Sleep has often been associated with creative insights, but its role in the process has remained unclear. A new study into the effects of napping suggests that rapid eye movement (REM) sleep may help the brain to create associations between unrelated ideas, enhancing creative problem solving.
Researchers led by Sara Mednick, an assistant professor of psychiatry at the University of California, San Diego, tested 77 people using a creativity task called the Remote Associates Test (RAT). After taking the test, study participants were randomly assigned to take a nap or to rest quietly without sleeping. Those who napped were further divided based on whether they entered REM sleep or not. The three groups showed similar improvements upon retaking the test, indicating that the passage of time alone increased creative problem solving.
Researchers then looked at the effect of “priming” on the results. Study participants completed analogy tests after taking the test in the morning, the answers to which contained words that, unbeknownst to participants, would later appear on an afternoon test. The REM-sleep group scored significantly higher on the afternoon test than the non-REM and quiet-rest groups.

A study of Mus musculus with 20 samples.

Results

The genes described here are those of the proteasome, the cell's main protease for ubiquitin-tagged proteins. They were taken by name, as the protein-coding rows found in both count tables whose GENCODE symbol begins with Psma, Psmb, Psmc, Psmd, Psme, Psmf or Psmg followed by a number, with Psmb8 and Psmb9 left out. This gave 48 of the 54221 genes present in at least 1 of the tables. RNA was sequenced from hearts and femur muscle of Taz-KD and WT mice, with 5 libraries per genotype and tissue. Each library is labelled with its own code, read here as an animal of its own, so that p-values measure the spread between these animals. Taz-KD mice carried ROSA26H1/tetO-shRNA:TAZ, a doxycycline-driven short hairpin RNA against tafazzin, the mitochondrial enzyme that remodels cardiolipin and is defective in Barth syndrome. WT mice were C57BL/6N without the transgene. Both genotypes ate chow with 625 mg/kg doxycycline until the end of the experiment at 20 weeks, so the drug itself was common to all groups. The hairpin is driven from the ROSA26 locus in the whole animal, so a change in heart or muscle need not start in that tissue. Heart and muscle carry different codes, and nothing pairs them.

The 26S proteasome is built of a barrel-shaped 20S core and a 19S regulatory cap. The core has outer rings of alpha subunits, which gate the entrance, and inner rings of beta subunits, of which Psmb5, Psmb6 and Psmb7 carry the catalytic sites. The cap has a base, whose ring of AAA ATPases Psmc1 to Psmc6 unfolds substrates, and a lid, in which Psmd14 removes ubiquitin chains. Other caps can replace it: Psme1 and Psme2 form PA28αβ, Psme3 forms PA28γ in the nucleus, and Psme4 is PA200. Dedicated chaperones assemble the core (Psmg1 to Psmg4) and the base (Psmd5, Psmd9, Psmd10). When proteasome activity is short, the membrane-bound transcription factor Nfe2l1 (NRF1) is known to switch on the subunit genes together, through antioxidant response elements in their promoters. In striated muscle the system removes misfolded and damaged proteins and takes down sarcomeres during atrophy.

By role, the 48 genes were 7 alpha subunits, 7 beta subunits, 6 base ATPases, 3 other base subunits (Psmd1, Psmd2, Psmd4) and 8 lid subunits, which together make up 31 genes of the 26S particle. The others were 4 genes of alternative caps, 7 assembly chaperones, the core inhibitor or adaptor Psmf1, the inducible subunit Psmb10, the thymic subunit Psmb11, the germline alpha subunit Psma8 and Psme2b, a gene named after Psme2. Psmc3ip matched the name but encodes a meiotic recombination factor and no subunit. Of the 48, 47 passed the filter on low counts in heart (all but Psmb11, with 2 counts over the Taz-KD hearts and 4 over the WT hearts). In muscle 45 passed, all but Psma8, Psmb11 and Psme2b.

“Only the REM group was able to answer more of the questions with answers from the analogy test,” says Mednick. “They were able to take those words and generalize them to a completely different test, which is the creative leap.”
The study authors hypothesize that modulation of norepinephrine and acetylcholine that occurs during REM sleep may help incorporate information into associative pathways in the brain. Levels of these two neurotransmitters are higher when we are awake and inhibit recurrent connections in the neocortex.
The study was published in the June 8 early online edition of the Proceedings of the National Academy of Sciences.
*A shorter version of this item appears in the print edition of BrainWork.